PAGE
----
Heading north to the Bay area.


Every time we visit California we are reminded of its huge and varied offerings and of the gift we enjoy, having friends living across this remarkable state.  I am going to write first of where the past week’s journey took us.

From Death Valley to Huntington Beach (near LA), we headed north to visit friends in the San Francisco Bay area, first near Santa Rosa and then in Palo Alto. Driving the California freeways this time of year is spectacular. The hillsides were aglow in a multitude of shades of spring green that Peter particularly loves.

From lime-yellow, to citrine, to lemon, the array is stunning.  And the wildflowers draped the hillsides in ribbons of color – from the purple-blue of lupine to the orange swatches of poppies. It’s like nothing we have ever seen, California-style!


We stopped overnight first in Fresno at a friend’s house where I celebrated my birthday with a homemade brownie-cake. Mercifully, there were just two candles for me to extinguish and I’m not trying to calculate the ratio between candles and the actual birthday marker in years!

The land north of Fresno to Santa Rosa opens up from agriculture to wine country. The sheer proliferation of the open vineyards in neatly arranged rows of vertical grape stem and horizontal trellis (to train the vines as they grow) was beautiful.  We came to our friends’ house in Windsor (where we parked T2 on the road and enjoyed the luxury of a real bedroom).  We turned left at one vineyard, and I was in awe.  The first morning there, I walked up the road just to smell the earth and see the vines up close. There, I could see the result of human hands that had taped each tender vine to the trellis at intervals of about three feet, training the young shoots to grow horizontally to allow for maximum sunlight. For miles and miles…


Our time with these friends included a visit to the Luther Burbank Home & Gardens.  Here in Santa Rosa, the Massachusetts-born horticulturist found nirvana and gained attention developing over 800 varieties of plants. The garden was featuring camelias, roses, and magnolias when we visited with the promise of much more grandeur to come.

The joy of sharing everyday moments with dear friends continued.  We celebrated JB’s birthday at a family bowling outing with his daughter’s family (including two awesome granddaughters) where Peter ended up scoring impressive results with the highest score among the adults. Who knew of this secret talent!


When in wine country, a visit to a tasting room is de rigueur.  Happy to comply, our tasting room of choice was Kendall Jackson.  Wonderful wines, fun time, and happy memories with Carol and JB. We shared one more Liz-and-JB almost double birthday celebration dinner at the Himalayan Restaurant in Windsor. Deliciously spiced and beautifully presented curries centered on lamb, shrimp and chicken made this one of the highlights of all our meals on the road.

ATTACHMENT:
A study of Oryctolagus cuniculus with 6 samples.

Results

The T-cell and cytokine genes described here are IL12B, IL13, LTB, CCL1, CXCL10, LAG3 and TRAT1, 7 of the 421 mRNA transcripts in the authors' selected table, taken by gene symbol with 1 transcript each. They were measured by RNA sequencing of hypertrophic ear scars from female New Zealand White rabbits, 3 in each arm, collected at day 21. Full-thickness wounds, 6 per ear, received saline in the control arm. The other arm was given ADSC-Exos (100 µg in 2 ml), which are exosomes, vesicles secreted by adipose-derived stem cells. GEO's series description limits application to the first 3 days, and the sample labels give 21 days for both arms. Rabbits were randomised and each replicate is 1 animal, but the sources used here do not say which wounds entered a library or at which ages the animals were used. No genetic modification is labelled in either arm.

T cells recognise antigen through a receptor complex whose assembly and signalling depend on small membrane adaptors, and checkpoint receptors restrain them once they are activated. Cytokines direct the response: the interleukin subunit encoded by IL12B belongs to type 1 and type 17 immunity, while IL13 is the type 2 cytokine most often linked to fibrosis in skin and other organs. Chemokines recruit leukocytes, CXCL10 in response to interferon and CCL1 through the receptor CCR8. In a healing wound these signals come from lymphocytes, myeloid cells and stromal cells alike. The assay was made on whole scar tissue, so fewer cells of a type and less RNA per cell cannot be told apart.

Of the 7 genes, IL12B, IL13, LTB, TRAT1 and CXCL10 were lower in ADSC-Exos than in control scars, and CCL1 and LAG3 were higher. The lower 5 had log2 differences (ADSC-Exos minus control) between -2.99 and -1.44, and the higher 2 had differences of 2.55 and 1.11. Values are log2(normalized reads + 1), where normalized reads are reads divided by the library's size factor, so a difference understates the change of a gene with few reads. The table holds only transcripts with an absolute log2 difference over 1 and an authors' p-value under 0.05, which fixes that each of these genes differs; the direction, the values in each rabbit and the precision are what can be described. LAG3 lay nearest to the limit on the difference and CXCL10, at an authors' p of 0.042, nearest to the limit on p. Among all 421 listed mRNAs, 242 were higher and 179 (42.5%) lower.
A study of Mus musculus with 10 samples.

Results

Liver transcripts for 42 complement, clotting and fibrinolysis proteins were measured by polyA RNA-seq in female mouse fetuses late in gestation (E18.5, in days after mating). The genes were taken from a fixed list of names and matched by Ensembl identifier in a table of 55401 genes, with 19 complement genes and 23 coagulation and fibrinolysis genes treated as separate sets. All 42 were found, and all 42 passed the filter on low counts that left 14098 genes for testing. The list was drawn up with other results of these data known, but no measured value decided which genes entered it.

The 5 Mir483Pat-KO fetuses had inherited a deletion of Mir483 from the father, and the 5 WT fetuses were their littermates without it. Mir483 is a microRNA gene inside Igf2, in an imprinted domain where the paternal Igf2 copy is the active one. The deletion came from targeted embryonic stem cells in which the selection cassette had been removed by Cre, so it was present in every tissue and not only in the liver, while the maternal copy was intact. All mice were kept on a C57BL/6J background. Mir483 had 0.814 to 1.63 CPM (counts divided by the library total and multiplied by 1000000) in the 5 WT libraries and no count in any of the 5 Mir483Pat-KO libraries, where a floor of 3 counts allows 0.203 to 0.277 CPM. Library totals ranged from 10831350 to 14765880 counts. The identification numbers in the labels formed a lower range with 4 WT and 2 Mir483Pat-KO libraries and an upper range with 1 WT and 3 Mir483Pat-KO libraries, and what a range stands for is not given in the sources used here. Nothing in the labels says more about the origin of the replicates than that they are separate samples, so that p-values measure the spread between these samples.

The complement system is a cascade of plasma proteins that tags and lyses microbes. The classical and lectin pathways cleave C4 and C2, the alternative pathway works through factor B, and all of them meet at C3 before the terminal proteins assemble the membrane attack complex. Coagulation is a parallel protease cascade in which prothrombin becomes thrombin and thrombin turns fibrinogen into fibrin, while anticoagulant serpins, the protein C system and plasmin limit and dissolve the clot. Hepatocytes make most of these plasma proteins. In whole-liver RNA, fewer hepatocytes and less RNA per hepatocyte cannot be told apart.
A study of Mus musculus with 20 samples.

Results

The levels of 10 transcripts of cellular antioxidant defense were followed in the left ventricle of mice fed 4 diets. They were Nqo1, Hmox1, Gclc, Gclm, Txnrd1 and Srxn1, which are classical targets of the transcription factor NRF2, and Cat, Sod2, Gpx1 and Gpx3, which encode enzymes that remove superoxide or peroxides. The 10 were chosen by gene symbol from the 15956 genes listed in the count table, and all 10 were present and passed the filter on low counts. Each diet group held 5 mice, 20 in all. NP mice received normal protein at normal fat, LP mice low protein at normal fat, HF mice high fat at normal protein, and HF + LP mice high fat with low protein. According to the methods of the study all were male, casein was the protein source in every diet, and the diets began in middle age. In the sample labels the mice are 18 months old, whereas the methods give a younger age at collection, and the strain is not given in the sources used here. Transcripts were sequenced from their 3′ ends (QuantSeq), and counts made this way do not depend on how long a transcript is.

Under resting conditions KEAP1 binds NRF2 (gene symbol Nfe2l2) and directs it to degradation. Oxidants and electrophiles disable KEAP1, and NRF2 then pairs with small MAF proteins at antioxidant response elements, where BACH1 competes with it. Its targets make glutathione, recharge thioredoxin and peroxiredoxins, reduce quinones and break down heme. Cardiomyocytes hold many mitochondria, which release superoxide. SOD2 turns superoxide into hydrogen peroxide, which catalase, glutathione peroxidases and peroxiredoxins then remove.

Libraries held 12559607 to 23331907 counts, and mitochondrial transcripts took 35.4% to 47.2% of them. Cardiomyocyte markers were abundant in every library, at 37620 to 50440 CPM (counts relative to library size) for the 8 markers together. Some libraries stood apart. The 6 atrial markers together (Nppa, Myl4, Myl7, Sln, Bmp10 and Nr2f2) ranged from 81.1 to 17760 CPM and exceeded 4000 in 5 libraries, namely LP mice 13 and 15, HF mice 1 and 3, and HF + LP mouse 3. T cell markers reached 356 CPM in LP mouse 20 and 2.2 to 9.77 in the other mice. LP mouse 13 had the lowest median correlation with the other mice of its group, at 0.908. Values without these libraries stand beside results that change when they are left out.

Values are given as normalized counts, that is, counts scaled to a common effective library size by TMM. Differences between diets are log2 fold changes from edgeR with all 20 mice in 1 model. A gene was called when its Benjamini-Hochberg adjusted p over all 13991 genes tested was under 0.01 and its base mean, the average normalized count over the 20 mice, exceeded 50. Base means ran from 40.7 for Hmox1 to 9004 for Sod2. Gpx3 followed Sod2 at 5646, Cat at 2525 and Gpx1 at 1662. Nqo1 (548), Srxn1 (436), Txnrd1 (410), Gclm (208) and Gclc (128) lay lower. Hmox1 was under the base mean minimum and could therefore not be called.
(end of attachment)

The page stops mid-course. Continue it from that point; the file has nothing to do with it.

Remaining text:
From Windsor we headed south to Palo Alto on a gorgeous morning of Easter weekend and crossed the Golden Gate Bridge in T2.  It was a spectacular experience to drive across the legendary bridge toward the city of San Francisco.  We exited and drove along city streets on our way south, passing the street scenes so iconic to the city.

It was a completely awesome for a couple of kids from the 60s and one that we will not forget. If we had been able to figure out how to get a picture of Peter driving T2 across the bridge, that would have completed the experience.

Next stop was Palo Alto and our first visit to the home of Google and Facebook and Apple and Stanford University.  Our friends have lived here pretty much their whole lives and know the city inside and out.  We parked T2 on the sidewalk and enjoyed guest accommodations in their lovely cottage.  On a morning walk, our friend Kathleen showed me the house she lived in and the elementary school and the high school she attended.  Pretty darn impressive!  We toured the expansive and beautiful Stanford campus, from the medical school where our friend Ramin once worked, to the magnificent outdoor (this is California, after all!) Cantor Center for the Visual Arts Rodin sculpture garden, complete with its own casting of the monumental “Gates of Hell”.


Another of the highlights of the trip included attending Easter Vigil services at the Stanford Chapel. We assembled outside the Chapel and at 8:00PM processed in with candles lighted into a completely darkened interior.  The solemnity and the power of the service – traditional in its liturgy and unconventional in the Confirmation service it included – are the hallmarks one expects at a university and we were not disappointed.  It was a very special way to mark the Easter holiday with dear friends in a very beautiful place.


From Palo Alto, we journeyed down to the Pacific coast, snagging a campsite at Costanoa Resort and KOA campground in Pescadero.  The campground was pretty much a KOA (think cramped sites, nothing special in the bathrooms) but the location was amazing.

We hiked from our campsite about one mile across Highway 1 to the beach and the Pacific. Spectacular. The second day we were there, my labyrinth man tried to draw one in the sand but the wind was howling at 25MPH and just as he finished, the first paths disappeared.  A pretty powerful metaphor for our desire to leave a footprint on the path of life!

Next we are heading further north to the east bay of San Francisco and Davis, so we hope you will come along as we continue our time in California.

Peter and Liz continue their pilgrimage to here, spending their third week touring around California, visiting friends along the way in their Airstream.